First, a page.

The Goatman: Gone

View+of+Old+Alton+Bridge+at+dusk%2C+also+known+as+the+Goatman+Bridge.+

View of Old Alton Bridge at dusk, also known as the Goatman Bridge.

View of Old Alton Bridge at dusk, also known as the Goatman Bridge.

Giovanni Mata

View of Old Alton Bridge at dusk, also known as the Goatman Bridge.

Giovanni Mata

Giovanni Mata

View of Old Alton Bridge at dusk, also known as the Goatman Bridge.

Giovanni Mata


Old Alton Bridge was built in 1884 by the King Iron Bridge Manufacturing Company. The bridge was originally built to carry horses and automobiles over Hickory Creek and was named after the (now abandoned) community of Alton, which thrived from 1850-1856. However,  the legend of the Goatman originated more than a century later.

Trails leading to and from the bridge.

The story begins in August of 1983 when a group of Klansmen, angry at Oscar Washburn, an African-American goat farmer, kidnapped him from his home and hung him over the bridge. When they checked to see if he was dead, the noose holding the body was empty. In a panic, the Klansmen slaughtered Washburn’s entire family.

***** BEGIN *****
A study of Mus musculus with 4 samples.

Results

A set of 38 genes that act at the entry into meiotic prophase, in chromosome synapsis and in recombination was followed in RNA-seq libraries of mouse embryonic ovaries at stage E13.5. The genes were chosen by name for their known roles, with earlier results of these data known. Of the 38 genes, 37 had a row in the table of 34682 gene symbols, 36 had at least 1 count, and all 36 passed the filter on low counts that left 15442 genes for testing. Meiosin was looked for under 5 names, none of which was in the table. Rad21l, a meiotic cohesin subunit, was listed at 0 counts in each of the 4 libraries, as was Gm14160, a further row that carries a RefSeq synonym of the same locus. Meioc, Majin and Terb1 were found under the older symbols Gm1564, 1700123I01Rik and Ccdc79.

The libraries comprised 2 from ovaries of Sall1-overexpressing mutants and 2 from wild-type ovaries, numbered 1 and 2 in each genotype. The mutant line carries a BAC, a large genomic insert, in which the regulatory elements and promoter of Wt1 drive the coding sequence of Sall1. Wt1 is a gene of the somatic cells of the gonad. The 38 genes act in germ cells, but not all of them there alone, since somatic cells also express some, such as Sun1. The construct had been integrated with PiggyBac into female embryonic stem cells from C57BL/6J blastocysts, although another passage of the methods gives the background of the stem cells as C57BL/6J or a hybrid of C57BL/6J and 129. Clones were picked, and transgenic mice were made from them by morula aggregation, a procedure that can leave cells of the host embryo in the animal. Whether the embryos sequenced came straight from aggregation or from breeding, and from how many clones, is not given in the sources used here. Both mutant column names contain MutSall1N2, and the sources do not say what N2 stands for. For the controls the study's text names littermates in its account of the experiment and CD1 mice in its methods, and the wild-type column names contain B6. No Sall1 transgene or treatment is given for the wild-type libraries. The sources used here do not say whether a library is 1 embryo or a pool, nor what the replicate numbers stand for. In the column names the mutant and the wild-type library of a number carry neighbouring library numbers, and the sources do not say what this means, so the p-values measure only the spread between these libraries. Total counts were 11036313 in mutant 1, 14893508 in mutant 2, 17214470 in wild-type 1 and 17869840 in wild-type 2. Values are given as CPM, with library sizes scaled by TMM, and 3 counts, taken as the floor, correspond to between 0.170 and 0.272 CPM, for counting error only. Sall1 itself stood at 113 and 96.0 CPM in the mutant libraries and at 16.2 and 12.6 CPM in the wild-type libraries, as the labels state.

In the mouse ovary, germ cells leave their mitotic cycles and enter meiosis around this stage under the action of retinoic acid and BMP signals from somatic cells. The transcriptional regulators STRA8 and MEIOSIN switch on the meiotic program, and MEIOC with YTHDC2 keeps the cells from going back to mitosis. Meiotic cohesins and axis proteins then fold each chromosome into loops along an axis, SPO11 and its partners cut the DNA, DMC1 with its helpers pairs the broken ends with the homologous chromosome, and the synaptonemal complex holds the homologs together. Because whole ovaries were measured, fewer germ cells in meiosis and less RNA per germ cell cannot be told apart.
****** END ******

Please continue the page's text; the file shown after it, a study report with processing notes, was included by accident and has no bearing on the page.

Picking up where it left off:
Of course, this is all legend, legitimate records of this ‘Goatman’ don’t exist. In fact, there’s another variation of this story that goes back to before the bridge was even built. The story of Jack Kendall, a goat farmer from the 1860s, who was hung on a tree near the bridge’s current location. Just like Washburn, Jack Kendall doesn’t exist in legal or local records. Despite facts suggesting otherwise, many locals still claim the area is haunted.

On the way to the bridge.

 

Old Alton Bridge can be located on Old Alton Road, down a dirt trail with strange parking. The bridge is open 24/7, as well as the trails that go through the bridge and surround the area. I personally would not recommend coming to this place during the summer. It’s hot. With temperatures soon to drop, visiting around the months of October-November would be more ideal, if you prefer your haunting chilled.

For all the Paschal Seniors headed out to the University of North Texas (UNT) or any other university out in that area, you definitely need to check this place out. When I was there, a married couple were taking wedding photos, so if that’s something some of y’all crazy youngsters want to do, go for it!

Just don’t be unfortunate enough to be like the couple in next week’s Point of Interest. As we continue ‘Spooky Season’, we’ll be taking a look into Lake Worth’s Castle of Heron Bay!